Laura Hatch (search) remembers only praying and trying to break free from her car after it crashed down a ravine, leaving her severely injured and trapped for eight days.

Since returning home, she's been spending most of her time sleeping, talking with her twin sister and — like any teen concerned about her appearance — avoiding all but her closest friends.

The 17-year-old, who recently underwent complex reconstructive surgery, was expected to make a full recovery within months, her doctors said at a news conference Monday. She, however, did not speak publicly.

"She's done beautifully. She's going to lead a normal life," said Dr. Richard Ellenbogen (search), a neurosurgeon at Children's Hospital (search) in Seattle. "She's as beautiful inside as she's going to be outside."

For eight days, no one knew where the teenager was following the Oct. 2 accident. She crashed her car 200 feet down a ravine after leaving a party in the east Seattle suburb of Redmond, where her family lives.

Relatives searched repeatedly. Sheriff's deputies figured her for a runaway. Finally, a family friend, who said she was guided by vivid dreams, drove with her own daughter to the crash area and spotted the car.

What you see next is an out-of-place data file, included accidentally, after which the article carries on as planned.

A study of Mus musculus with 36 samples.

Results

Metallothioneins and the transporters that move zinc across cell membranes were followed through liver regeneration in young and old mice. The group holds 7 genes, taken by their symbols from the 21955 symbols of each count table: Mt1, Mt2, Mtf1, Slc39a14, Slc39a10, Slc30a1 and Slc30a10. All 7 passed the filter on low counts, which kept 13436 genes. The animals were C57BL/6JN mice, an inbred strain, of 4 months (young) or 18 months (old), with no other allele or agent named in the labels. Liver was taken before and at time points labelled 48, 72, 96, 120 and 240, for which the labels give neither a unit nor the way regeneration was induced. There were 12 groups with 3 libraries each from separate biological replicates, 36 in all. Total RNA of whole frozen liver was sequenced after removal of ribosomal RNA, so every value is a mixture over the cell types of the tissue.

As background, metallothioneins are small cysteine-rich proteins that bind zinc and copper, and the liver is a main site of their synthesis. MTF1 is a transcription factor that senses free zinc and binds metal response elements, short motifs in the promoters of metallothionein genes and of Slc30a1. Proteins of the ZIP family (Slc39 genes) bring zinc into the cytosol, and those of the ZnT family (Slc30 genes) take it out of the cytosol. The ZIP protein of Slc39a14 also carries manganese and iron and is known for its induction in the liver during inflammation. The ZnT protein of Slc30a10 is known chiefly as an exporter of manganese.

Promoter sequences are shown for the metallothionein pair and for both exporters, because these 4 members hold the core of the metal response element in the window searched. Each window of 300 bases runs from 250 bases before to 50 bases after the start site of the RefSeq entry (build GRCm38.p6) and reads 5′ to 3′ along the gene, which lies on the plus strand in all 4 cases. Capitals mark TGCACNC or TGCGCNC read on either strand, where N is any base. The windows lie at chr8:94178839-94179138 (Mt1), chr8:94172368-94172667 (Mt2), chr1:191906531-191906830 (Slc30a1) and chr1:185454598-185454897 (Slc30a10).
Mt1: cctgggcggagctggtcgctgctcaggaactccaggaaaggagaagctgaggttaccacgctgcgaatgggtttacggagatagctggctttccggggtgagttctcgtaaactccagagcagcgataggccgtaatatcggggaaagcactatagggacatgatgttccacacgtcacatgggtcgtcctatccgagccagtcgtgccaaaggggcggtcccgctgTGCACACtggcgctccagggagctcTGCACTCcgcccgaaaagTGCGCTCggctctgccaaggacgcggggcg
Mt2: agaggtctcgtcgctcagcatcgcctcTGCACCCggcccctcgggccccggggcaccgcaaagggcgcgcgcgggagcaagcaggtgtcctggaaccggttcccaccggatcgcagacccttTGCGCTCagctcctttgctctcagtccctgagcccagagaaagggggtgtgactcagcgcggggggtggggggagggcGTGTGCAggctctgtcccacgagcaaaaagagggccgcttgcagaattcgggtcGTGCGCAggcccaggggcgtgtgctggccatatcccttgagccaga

Hatch was dehydrated, and her right eye socket, cheekbone and nose were crushed.

Laura's father, Todd Hatch, said that she has no recollection of the accident or how it happened. He said she may have been drinking — there was underage drinking at the party — but "she seems incapable of telling me."

When she was rescued, she believed it was still the same day as the accident, he said. All she recalls of her first 10 days in a hospital is an IV being removed from her arm.

She also had a blood clot in her skull that meant Ellenbogen and Dr. Joseph Gruss (search), chief of plastic and reconstructive surgery at Children's, could not operate until a month after the accident. Ideally, such operations are conducted within about a week.

Hatch's bones had already begun to heal by the time of the operation, so after peeling away her muscle and skin, Gruss re-created the fractures using chisels and saws. Tiny titanium screws were used to set the bones.

The doctors also dealt with the blood clot and used bone from the outer layer of her skull to re-create her face.

Once the bones heal, doctors say, Hatch will be able to do everything she's done before, including playing soccer.